TinCan API and Why it Matters to Learning Professionals

Designing Digitally


TinCanAPI - Designing Digitally

For years L&D professionals have been relying on the tried and true standard for tracking eLearning known as SCORM or Sharable Content Object Reference Model. The SCORM specification allows for communication and data collection between an eLearning participant and the learning management system (LMS) that monitors their progress. The problem, however, is that SCORM has limitations which don’t allow for the accurate tracking of much of the learning that currently occurs in the workplace. Organizational learning such as m-learning, offline learning, informal learning and other valuable tools are not capable of being tracked via the SCORM standard.


TinCan API - AKA - xAPI

TinCan API, more appropriately known as the Experience API or simply xAPI, is a learning technology specification which allows learning systems of all types to communicate with each other. It’s been a couple of years now since version 1.0 of the xAPI was introduced. Advanced Distributed Learning, under the direction of the US Department of Defense, put out a call for companies to improve on the old SCORM standard in 2011, and Rustici Software stepped up to meet the challenge. They released version 1.0 of the newly proposed standard in April of 2013. From its inception, this newest eLearning tracking specification was intended to be the successor to SCORM, and so far the promises are living up to expectations.

Tin Can API - The Basics

As many of us know, an Application Programming Interface (API) is a set of programming instructions that allow applications and specialized software to communicate with each other. APIs allow developers to write programs that work on specific platforms and share information. From the outset, Project Tin Can was developed as an open source standard, meaning any learning organization can design training that will interact with the platform. Here are some of the features of Tin Can or xAPI:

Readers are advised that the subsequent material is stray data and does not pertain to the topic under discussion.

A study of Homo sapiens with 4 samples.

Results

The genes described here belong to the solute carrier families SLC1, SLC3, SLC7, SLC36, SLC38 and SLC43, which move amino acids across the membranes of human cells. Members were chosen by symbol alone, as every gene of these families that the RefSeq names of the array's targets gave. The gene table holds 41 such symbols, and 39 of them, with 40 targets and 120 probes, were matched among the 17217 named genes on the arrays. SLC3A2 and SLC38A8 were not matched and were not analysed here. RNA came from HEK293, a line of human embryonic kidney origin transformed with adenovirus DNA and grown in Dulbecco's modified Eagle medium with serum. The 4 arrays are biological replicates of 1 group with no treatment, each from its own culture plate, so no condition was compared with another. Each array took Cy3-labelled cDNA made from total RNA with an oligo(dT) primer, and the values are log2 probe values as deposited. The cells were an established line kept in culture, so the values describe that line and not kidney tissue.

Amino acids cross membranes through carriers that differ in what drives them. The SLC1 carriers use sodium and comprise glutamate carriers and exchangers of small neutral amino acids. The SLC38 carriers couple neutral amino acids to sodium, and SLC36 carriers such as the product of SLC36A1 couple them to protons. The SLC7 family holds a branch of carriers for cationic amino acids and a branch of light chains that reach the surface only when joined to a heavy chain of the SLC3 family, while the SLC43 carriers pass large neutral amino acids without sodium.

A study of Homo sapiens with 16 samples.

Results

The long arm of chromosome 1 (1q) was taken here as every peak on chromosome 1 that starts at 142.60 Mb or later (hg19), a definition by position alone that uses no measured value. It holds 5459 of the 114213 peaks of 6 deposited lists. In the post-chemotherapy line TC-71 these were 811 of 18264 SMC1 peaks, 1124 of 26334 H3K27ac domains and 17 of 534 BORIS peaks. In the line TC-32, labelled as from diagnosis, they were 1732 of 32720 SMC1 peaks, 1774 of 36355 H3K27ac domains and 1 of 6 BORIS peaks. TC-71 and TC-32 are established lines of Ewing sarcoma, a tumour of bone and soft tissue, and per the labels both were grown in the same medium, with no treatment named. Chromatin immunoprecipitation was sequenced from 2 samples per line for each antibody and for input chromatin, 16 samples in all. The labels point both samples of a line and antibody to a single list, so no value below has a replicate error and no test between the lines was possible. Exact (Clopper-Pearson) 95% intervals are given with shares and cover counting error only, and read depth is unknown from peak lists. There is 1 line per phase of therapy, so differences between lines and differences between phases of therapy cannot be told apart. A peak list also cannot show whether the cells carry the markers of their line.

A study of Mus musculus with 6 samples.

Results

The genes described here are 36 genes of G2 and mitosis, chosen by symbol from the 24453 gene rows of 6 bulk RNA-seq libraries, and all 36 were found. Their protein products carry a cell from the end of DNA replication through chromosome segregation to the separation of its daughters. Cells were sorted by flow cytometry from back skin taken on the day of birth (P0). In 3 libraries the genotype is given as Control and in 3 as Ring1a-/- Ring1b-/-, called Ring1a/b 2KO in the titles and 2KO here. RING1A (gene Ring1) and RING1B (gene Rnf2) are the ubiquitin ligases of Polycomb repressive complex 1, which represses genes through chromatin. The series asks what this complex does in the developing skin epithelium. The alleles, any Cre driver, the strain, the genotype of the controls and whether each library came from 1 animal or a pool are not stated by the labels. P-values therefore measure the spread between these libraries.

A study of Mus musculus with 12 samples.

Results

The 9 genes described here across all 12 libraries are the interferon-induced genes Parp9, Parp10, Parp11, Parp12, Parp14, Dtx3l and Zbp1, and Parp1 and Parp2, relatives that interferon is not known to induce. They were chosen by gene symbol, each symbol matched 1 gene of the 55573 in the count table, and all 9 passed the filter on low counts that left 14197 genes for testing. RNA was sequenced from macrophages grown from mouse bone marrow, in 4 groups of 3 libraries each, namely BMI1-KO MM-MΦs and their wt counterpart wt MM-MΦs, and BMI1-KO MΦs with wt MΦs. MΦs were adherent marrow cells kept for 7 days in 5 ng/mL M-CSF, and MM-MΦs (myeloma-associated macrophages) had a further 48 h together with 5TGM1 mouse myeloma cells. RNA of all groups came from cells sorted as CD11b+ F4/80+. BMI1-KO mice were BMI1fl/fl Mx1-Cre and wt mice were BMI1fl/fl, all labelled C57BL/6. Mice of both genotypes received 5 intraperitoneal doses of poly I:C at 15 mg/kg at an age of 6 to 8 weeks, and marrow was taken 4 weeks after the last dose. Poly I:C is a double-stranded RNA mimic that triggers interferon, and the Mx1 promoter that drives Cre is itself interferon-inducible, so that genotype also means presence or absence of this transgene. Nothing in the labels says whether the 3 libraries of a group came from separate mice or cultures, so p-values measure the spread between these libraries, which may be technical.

• Collects and aggregates data on a range of learning experiences both online and offline

  • Uses a Learning Record Store (LRS) to store learning experiences as individual records

  • Tracks and delivers eLearning in a native application rather than a browser

  • Records learning experiences across multiple devices and platforms

  • Vendor testing and adoption is growing

Advantages over SCORM

From an instructional design standpoint, SCORM can be thought of essentially as the file format in which eLearning projects are published to the LMS. And since the SCORM standard is fairly narrow, the data collected and sent to the LMS is limited to test scores, pass/fail, completion status, etc. The xAPI on the other hand manages data differently. It can track almost any activity using its noun-verb-object “I did this,” and can then share that data as a record with the LRS, a learning record store that is unique to each learner. This allows the xAPI to collect data on a wide variety of activities and learning experiences, both formal and informal. To help us understand why this is such a huge advantage over SCORM, here are some interesting facts about the current state of corporate learning:

  • According to some experts, only 10% of learning is formal, while 20% comes from co-workers and 70% from work experiences.

  • Informal learning happens across multiple device platforms (tablets, smartphones, etc.), and isn’t tracked by an LMS.

  • Most informal learning takes place offline – again, not tracked by an LMS.

  • More corporate training is relying on dynamic data updates, trackable using xAPI, but not with SCORM.

Understanding the Learning Record Store

If we haven’t made it clear by now, the key to the extraordinary flexibility of xAPI is the Learning Record Store or LRS. The LRS maintains a record of individual learning events for each user of the system. It allows a device (or multiple devices) to track activities and create a series of statements in a standard noun-verb-object form, and transmit them to the LRS. Using this format, information can be gathered about a huge range of data. Some examples of LRS activities that can be tracked with xAPI include:

  • Watching an instructional video

  • Being mentored

  • Reading

  • Playing a learning game

  • Attending a lecture or conference

  • And of course taking an eLearning course

Just about any learning experience we have can be tracked with the xAPI standard. Individual Learning Record Stores within xAPI can even follow learners between different LRS systems, making formal and informal training truly the property of the knowledge holder.

If you want to learn more about the new Experience API and how it is changing the way eLearning is being developed, contact the experts here at Designing Digitally, Inc. We’ll help you to understand how this new standard can help take your employee training to the next level.